We arrived in Boston late night on a Wednesday after some trials and tribulations, including one speeding ticket - before we even left home - and an iPad that wouldn't turn on. My voice was hoarse because in the absence of our e-book (Malcolm Gladwell's Blink, which was on the iPad), I decided to e-read my research essay, '"But it's our story. Read it": Stories My Grandfather Told Me and Writing for Continuance,' to R.J.
We stayed at the John Hancock Hotel, which I'd recommend to anyone who wants to stay in Back Bay on a budget (but be warned, it's a little *ahem* rustic). We settled in and went straight to bed, excited for what the next day would bring.
The alarm rang at 7 a.m. and I woke with a start. Normally, I'd hit snooze least three times, especially on vacation. But not this day! We got ready and headed to the Starbucks on our hotel's block, but I didn't need the caffeine. Already, my heart was pumping and my legs were shaking.
Although I did my best to hide it with a smile.
We boarded the T (Boston subway system that R.J. takes great pride in navigating) and got to Harvard University an hour early. Just enough time to take a stroll around Harvard Square and try - fruitlessly, I might add - to calm my nerves.
By the time 11:25 a.m. (t-minus five minutes) rolled around I could barely catch my breath.
What if I'm not smart enough? I wondered. What if I can't hold a conversation about her book? What if there are awkward lulls in the conversation? R.J. reassured me that things would be all right, but I was about to meet my academic role model - what if things didn't go perfectly?
By the time we walked into the Faculty of Arts & Sciences building and turned the corner toward her office, my heart had officially entered my throat. But as I passed her nameplate and knocked on her office door - knowing I couldn't turn back now - a wave of calm washed over me. Upon seeing her face, her height (tall) and her birchbark canoe earrings I could tell immediately that she wasn't the type of Harvard Professor I'd worked her up to be. Above all else, she was Native. And a woman. And an academic. A Native woman academic - kind of like me!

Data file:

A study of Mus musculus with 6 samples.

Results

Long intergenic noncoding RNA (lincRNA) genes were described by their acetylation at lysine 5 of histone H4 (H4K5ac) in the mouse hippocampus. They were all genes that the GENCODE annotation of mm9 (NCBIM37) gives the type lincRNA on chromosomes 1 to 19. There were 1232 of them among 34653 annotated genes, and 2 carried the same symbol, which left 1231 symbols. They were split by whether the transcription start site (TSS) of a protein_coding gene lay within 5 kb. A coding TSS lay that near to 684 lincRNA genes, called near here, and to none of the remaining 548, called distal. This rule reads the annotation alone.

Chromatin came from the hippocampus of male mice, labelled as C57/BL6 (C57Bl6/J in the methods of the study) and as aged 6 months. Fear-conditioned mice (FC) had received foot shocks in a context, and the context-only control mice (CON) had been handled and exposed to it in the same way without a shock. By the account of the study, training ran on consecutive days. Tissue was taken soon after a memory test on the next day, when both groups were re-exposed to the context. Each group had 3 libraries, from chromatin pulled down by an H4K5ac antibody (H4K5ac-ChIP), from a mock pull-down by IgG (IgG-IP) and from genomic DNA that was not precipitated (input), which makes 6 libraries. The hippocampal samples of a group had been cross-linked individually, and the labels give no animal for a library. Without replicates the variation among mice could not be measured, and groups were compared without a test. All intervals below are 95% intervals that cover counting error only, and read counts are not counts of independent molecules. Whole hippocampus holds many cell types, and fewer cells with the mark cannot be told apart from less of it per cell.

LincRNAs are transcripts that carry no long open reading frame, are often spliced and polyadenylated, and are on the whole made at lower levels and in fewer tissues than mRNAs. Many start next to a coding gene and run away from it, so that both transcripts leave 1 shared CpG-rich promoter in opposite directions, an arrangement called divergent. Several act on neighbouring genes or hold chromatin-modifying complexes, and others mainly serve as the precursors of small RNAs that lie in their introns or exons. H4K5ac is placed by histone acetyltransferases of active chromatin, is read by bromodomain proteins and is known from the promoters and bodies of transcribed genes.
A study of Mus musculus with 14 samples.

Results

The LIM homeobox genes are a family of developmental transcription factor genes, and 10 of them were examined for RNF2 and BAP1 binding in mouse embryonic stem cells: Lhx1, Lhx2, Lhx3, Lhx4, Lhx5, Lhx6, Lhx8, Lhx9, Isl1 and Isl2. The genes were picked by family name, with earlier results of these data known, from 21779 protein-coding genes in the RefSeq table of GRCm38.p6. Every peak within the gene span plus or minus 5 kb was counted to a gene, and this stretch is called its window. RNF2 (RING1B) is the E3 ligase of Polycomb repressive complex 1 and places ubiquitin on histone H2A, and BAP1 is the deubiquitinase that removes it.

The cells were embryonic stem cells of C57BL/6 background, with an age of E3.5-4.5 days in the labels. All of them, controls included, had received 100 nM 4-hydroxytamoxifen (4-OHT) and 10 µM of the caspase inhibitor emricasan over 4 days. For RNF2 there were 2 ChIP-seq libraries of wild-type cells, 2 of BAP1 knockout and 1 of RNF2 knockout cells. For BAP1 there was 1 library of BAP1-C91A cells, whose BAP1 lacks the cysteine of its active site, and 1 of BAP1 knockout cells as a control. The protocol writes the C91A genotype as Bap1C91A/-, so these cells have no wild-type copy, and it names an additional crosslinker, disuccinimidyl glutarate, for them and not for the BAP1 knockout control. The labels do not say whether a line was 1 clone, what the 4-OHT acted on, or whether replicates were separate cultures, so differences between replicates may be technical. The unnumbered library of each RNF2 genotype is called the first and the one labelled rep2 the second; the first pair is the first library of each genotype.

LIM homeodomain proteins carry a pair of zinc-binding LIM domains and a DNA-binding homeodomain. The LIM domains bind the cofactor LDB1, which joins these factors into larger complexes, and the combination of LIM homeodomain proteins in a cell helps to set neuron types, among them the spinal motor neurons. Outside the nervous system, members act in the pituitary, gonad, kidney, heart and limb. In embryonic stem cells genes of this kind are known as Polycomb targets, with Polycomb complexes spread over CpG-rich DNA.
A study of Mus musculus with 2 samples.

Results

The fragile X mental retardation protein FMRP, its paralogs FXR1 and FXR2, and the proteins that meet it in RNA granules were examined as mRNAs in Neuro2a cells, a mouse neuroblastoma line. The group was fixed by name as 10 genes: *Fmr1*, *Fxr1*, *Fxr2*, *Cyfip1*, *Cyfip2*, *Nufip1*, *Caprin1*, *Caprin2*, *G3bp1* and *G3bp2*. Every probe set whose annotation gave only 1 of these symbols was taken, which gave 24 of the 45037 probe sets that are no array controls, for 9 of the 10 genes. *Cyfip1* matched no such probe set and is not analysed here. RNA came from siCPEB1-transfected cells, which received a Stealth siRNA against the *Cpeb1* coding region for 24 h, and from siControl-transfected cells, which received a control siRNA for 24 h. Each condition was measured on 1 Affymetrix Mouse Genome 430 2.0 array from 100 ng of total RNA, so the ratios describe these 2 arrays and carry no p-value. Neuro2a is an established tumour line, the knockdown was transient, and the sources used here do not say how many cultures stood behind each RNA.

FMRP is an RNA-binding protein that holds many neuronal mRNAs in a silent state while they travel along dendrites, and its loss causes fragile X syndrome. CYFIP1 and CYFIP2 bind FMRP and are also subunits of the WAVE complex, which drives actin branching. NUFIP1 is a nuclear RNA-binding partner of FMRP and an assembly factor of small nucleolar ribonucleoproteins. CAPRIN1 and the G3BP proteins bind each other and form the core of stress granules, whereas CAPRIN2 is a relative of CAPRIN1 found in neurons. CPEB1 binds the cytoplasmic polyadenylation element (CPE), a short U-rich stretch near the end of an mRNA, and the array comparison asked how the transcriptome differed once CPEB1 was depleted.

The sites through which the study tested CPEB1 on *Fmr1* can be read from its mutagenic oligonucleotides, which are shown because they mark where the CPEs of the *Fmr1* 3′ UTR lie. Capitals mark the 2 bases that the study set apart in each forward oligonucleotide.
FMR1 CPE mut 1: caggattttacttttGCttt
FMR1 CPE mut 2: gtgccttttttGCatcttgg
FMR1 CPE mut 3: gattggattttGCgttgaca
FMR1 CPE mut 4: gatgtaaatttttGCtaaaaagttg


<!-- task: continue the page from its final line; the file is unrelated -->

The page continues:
From that moment on our conversation flowed freely. Our first stop on the Lisa Brooks tour of Harvard was the plaque that comemmorated the original building that was Harvard College, its first Native graduates and its mandate (recorded in their Charter) for the education of Indians:
We had lunch with the Harvard University Native American Program's (HUNAP) Liaison & Recruiter, Jason, then headed up for a tour of HUNAP. Although I didn't view myself as a prospective student, they treated me in that way, which was very kind and flattering. We spent the afternoon chatting with a great mix of staff, students (grad and undergrad) and alumni. Of course R.J. and I couldn't leave without one cheesy tourist photo:
We stopped at the gift shop, the Coop, where I bought a couple of baby things for a friend who's expecting. No pressure or anything, unborn child. Then we said goodbye to Harvard.
R.J. and I celebrated the amazing day with Thai, wine and dessert to go (our guilty pleasure!).
The next day, Friday, we went for dinner at Lisa's home outside of the city. That part of the trip was so amazing, I believe that neither my words nor photos could do it justice.
But I'll say this much: we had a great kitchen table conversation.